If you’re looking for a way to make your portraits stand out from a sea of competition, check out Justin Laurens‘ tutorial below where he shares four secrets on how he makes his photos pop.
“One day everything just sort of clicked, no pun intended,” Laurens says about how he quickly brought his portraits to the next level. “And this brought me back to the basics and in the basics, I discovered the most important key when it comes to making massive improvements in this incredible artform – lighting.”
Is it really that simple? Well, yes and no as he explains in the clip at the bottom of this post.
“In this video I’m going to show you how you can see light differently,” Laurens says. “And how you can use it like an artist and in doing so, it will be a catalyst to help you make massive strides in your portrait photography game. Just as a painter uses paint to create beautiful artistic creations, I’m going to show you how you as a photographer can use light to create more artistic and creative work.”
Here are his four secrets on how to use light to make your portraits pop. Watch below to see how these principles are put into action during a portrait session.
#1 Light Textures & Visual Interest
“Use light as paint,” Laurens explains. “AKA, use light to create beautiful textures and visual interest in your images.”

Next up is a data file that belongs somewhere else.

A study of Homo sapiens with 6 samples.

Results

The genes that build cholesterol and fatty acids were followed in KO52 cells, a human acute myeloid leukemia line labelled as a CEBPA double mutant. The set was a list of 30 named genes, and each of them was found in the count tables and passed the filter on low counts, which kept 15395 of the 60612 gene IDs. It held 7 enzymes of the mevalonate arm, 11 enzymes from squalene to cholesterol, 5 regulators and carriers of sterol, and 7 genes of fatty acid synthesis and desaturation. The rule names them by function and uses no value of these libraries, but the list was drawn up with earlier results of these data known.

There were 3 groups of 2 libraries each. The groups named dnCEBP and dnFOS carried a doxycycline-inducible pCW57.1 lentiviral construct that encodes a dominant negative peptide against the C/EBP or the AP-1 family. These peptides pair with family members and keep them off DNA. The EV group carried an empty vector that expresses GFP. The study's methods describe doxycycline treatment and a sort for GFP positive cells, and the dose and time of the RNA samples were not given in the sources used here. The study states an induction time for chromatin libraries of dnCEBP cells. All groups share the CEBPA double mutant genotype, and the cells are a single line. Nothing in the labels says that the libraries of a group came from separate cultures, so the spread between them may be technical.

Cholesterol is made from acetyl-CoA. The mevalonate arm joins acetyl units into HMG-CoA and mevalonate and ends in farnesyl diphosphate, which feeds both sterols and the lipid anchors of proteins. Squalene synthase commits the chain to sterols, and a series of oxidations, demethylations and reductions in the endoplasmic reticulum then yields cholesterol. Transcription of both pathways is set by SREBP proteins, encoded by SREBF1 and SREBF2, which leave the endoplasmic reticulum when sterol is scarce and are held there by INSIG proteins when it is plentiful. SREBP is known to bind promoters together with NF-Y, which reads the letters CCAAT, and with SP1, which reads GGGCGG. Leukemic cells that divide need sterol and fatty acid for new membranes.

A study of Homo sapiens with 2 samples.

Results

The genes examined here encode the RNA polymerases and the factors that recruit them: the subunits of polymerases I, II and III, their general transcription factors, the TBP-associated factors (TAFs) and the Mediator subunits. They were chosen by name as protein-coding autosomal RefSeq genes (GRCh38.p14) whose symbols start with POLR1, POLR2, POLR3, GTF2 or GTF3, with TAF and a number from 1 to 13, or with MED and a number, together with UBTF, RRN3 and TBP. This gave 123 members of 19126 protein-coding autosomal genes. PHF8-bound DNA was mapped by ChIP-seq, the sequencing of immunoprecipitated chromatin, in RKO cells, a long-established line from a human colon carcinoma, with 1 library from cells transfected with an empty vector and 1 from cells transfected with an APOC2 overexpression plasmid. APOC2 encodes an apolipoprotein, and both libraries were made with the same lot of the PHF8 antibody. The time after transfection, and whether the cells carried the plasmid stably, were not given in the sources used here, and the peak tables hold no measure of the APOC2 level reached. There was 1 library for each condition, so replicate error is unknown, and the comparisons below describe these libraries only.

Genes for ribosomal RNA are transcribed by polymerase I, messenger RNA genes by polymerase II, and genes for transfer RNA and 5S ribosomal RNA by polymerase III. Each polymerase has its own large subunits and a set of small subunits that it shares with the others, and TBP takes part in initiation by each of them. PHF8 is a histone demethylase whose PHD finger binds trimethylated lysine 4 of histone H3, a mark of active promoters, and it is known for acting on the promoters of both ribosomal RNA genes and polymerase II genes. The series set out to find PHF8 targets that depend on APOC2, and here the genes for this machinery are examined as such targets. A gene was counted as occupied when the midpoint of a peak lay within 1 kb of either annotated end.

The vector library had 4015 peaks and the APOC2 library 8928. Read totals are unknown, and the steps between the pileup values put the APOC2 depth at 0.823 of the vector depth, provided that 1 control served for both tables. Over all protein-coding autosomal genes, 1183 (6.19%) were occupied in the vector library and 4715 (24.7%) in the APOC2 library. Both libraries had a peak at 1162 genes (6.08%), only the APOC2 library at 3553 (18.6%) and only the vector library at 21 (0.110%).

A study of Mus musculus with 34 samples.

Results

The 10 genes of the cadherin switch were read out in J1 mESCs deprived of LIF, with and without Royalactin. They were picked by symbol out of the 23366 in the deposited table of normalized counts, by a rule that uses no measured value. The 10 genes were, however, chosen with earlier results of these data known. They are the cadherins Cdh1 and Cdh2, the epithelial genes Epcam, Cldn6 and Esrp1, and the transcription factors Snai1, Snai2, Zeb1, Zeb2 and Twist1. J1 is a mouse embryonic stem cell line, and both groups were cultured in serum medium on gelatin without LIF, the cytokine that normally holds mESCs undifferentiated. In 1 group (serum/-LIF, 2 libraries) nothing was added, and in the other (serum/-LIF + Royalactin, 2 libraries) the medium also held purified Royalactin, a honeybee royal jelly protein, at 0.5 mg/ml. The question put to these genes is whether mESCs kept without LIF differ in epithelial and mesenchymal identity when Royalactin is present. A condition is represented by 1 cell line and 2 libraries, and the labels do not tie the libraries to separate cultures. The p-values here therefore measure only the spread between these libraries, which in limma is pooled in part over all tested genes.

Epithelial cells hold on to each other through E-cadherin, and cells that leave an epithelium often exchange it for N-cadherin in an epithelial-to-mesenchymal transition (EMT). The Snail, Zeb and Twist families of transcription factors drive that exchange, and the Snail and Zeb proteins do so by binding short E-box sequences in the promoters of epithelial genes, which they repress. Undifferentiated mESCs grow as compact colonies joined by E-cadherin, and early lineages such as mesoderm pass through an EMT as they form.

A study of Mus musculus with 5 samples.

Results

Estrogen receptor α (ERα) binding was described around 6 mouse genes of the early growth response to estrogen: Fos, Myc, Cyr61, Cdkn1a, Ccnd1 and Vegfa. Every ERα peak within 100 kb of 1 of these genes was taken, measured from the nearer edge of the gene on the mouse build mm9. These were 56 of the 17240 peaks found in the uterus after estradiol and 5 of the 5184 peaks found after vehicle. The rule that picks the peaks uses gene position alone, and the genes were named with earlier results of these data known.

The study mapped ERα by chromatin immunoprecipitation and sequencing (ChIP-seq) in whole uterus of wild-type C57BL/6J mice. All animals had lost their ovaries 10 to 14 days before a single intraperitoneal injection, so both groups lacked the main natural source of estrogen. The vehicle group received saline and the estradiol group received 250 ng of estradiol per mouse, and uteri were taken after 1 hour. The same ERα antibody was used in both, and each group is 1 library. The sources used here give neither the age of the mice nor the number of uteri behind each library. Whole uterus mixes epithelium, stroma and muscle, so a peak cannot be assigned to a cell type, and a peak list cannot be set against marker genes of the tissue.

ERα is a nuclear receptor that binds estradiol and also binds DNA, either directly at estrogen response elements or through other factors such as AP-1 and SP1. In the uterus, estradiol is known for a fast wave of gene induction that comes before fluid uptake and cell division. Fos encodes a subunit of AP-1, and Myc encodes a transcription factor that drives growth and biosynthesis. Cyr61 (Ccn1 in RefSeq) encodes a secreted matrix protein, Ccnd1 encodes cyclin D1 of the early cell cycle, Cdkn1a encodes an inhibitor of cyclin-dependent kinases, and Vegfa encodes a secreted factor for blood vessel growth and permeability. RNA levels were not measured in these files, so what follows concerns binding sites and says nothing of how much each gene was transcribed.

#2 Use Light to Create “Subject Separation”
“Use light to draw focus to your model, all the while separating them from the background to make them ‘pop’ or stand out more. To do this you simply need to find a location where the foreground is bright and relatively well-lit whereas the background is quite dark and in shadow.”
#3 Boost Depth/Dimensions (Create 3D Look!)
“Use light to create depth on your model’s face, thereby creating a much more 3D looking image overall. This can be achieved using three very easy and inexpensive methods: backlighting, window lighting, and negative fill.”
#4 Low Light/Nighttime Photography
“The absence of light can actually serve as a powerful tool to help you level up your portrait game. This is because of how darkness and shadows, aka the absence of light can help you to boost your photo’s contrast and punchiness.”